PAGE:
More than 100,000 home elevators have been recalled in the past two years because they pose a deadly risk to children.
The Consumer Product Safety Commission (CPSC) said it is aware of 41 deaths associated with elevators between 2018 and 2021.
One of those deaths was a 7-year-old boy from Ohio who was at a vacation home in North Carolina with his family. CPSC said it will be working with the vacation rental industry to keep consumers safe.
The problem is that many home elevators have a dangerous gap between the elevator car’s inner accordion-style door and the exterior door (which typically looks like another door in the house).
If the gap is more than a few inches wide, a child can get trapped between the doors. When the elevator car moves to another floor, the child can be crushed, seriously injured, or killed by the cab.
The hazard is easy to repair by installing a gap guard, which is an inexpensive piece of plastic that fits on the backside of the exterior door to fill the gap.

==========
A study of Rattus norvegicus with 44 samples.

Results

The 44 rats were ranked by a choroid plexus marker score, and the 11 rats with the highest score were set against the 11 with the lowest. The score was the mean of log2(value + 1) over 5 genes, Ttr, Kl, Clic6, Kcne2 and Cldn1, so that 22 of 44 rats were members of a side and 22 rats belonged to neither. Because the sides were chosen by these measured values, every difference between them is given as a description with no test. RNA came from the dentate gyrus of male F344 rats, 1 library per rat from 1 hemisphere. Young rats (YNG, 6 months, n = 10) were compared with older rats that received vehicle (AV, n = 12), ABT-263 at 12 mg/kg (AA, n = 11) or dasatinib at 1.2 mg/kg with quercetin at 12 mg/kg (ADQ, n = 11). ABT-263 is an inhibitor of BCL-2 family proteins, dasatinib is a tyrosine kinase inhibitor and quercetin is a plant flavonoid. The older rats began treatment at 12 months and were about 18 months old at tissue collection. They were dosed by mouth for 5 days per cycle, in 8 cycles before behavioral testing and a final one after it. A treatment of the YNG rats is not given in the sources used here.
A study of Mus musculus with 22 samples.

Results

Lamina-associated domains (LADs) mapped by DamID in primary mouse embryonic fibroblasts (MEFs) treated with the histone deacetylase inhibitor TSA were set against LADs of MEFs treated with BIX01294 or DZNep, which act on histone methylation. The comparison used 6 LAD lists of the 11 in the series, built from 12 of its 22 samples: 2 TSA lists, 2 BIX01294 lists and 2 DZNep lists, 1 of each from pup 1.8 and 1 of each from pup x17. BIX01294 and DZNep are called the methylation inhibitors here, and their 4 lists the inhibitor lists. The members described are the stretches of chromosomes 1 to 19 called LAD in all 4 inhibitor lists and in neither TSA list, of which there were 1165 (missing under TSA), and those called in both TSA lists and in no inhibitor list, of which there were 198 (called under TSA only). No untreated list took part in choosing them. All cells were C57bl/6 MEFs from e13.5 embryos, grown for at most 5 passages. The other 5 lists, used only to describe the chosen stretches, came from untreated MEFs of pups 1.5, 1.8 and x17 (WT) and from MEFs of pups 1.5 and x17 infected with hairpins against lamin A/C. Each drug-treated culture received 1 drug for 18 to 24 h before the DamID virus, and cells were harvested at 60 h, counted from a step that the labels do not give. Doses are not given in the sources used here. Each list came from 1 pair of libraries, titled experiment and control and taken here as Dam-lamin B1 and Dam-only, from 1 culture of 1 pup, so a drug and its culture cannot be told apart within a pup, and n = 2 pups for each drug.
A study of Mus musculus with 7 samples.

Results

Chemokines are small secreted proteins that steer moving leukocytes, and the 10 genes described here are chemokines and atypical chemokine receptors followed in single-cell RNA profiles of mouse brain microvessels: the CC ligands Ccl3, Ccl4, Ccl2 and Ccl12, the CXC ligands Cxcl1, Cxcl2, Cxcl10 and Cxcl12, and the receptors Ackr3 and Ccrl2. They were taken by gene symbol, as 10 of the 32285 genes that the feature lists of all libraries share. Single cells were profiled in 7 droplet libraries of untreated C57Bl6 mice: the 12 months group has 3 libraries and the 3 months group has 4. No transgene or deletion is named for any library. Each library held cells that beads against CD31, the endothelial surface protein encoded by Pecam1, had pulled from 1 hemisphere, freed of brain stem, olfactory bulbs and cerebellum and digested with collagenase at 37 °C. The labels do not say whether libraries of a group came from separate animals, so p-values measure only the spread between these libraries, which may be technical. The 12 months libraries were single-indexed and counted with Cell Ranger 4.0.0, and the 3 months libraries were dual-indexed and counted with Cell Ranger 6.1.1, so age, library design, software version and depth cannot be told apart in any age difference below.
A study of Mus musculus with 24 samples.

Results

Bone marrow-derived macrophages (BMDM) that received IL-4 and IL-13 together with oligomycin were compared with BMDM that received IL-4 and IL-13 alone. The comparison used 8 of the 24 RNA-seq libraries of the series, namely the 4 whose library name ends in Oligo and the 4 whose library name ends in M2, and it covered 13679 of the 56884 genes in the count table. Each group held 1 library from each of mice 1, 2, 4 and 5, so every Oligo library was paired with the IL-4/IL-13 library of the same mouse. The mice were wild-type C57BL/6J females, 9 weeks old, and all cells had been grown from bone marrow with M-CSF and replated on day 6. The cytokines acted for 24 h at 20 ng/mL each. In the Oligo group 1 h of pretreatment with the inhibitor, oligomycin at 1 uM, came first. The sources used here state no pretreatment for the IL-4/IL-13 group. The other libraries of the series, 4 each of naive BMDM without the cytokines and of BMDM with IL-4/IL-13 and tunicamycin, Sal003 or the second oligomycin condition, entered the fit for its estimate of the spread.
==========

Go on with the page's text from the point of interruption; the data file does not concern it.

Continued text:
Last year, a 7-year-old boy from Ohio was tragically crushed to death by an elevator that was made by Custom Elevator at a vacation home in the Outer Banks of North Carolina.
Another major elevator company, ThyssenKrupp Access Corp., also agreed to settle a lawsuit with the CPSC after a 2-year-old child died and a 3-year-old child was severely disabled.
Other recalls have been announced by Residential Elevator, Inclinator, Savaria, Bella, and Otis Elevator.
Just one company, Waupaca, has refused to issue a recall — even after a 4-year-old child was “found dangling in the elevator shaft, upside down, with his foot lodged between the elevator car and the elevator shaft on the third floor. The child suffered physical scarring and permanent vision loss as a result of the incident,” CPSC said.
Until these home elevators can be inspected and repaired with a gap guard installation, homeowners and renters should lock the elevator, or the exterior doors, to prevent children from being injured or killed.